Hon. Horace B. Durant, a prominent representative of the Ottawa County bar who is practicing his profession at Miami, is also active in public affairs, representing his district in the state senate.
Mr. Durant attended the grammar schools of Piqua, Ohio, and a high school of Washington, D. C., and then became a student at George Washington University at Washington, D. C., in which he completed a course in law, while later he took postgraduate work. He entered the Indian service in Washington and was afterward captain of Company D, Fourth Battalion of the Washington National Guard. In 1898 he came to Indian Territory and for a year filled a clerical position at the agency, at the end of which time he won promotion to the position of chief clerk.
In 1900 he was appointed Indian agent, in which connection he had charge of the Quapaw, Miami, Wyandotte, Modoc, Peoria, Shawnee, Seneca and Ottawa agencies, and he afterward served for two years as United States special Indian agent, having supervision over the agencies in the states of Michigan and Wisconsin. On completing that service he turned his attention to his profession, opening an office in Miami, Oklahoma, where he has since made his home.
Mr. and Mrs. Durant have become the parents of three children: Richard B., Virginia and Robert. During the World war Mrs. Durant, who before marriage was Lou Breneman, of Smithville, Ohio,.served as president of the Ottawa County Chapter of the Red Cross and she is active in the work of the Methodist Episcopal church, with which she and her husband are affiliated, the latter now being a member of its official board, while she is also prominent in local club circles.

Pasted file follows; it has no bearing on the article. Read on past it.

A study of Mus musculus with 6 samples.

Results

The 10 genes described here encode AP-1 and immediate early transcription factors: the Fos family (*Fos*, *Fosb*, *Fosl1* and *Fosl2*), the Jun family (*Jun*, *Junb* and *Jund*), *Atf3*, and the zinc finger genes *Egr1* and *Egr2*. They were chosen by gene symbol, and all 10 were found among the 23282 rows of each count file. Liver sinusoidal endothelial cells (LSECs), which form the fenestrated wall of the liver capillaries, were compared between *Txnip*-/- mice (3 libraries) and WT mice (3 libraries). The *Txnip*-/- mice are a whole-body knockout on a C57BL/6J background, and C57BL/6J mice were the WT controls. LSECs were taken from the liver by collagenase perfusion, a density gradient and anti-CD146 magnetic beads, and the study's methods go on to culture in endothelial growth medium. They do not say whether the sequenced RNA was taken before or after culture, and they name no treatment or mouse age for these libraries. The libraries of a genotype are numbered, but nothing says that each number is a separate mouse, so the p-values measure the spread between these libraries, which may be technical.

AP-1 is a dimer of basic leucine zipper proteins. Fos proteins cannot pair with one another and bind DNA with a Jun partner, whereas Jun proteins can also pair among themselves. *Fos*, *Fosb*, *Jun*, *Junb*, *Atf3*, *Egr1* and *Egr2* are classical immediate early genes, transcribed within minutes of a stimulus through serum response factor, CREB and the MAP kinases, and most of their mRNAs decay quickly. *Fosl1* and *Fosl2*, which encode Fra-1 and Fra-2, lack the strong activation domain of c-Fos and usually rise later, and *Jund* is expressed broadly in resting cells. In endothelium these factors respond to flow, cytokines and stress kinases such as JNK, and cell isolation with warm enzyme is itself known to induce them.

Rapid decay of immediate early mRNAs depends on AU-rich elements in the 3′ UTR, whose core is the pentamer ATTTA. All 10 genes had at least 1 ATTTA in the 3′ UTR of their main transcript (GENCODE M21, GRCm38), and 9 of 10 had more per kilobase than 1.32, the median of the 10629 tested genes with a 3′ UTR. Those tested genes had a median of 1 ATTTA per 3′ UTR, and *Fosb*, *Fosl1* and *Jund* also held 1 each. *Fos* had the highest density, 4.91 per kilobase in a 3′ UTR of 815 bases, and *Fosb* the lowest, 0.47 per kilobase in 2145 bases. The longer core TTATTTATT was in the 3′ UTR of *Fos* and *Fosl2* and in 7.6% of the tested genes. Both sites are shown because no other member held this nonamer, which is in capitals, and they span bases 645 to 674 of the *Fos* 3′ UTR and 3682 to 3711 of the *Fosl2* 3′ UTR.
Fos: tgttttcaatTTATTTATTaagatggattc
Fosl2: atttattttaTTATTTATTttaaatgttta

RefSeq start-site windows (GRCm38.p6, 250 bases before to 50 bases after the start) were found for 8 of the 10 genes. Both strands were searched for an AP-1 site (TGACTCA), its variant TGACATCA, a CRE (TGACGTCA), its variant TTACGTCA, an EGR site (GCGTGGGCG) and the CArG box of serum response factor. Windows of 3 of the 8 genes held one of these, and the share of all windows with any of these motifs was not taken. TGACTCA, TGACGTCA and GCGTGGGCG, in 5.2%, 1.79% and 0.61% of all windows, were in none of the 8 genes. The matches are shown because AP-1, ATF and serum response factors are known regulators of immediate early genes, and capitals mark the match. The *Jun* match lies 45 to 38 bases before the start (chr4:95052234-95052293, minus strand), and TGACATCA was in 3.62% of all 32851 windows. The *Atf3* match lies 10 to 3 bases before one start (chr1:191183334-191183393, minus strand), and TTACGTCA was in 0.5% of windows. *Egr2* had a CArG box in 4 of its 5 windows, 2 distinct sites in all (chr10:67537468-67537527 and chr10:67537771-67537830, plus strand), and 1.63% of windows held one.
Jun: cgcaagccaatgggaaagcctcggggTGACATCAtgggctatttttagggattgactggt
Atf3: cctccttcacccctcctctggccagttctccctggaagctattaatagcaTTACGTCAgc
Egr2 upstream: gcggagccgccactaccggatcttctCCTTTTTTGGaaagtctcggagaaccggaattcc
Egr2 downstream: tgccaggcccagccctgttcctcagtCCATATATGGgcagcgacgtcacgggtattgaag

During the World war Mr. Durant was commissioned by Governor Williams to raise a company of Home Guards, of which he was made captain, and he also aided in the promotion of war measures through his public addresses. He is a strong advocate of the Boy Scout movement, realizing its importance as a national asset. His professional connections are with the Indian Territory and Oklahoma Bar Associations, and fraternally he is identified with the Masons, being a charter member of Miami Lodge, No. 140, F. & A. M. He belongs to the chapter at Claremore, to Oklahoma Consistory, No. 1, A. & A. S. R., and to Akdar Mystic Shrine at Tulsa Temple of the Mystic Shrine at, Tulsa, and is an exemplary representative of the craft. He is a stanch republican in his political views and from territorial days until the present has been active worker in the ranks of the party. He now represents the district comprising Cherokee, Delaware and Ottawa counties in the state senate. He is recognized as an influential member of that lawmaking body and is now serving on the following committees appropriations; insurance; mines and manufacturing; municipal corporations;, revenue and taxation; roads and highways; ways and means; and education.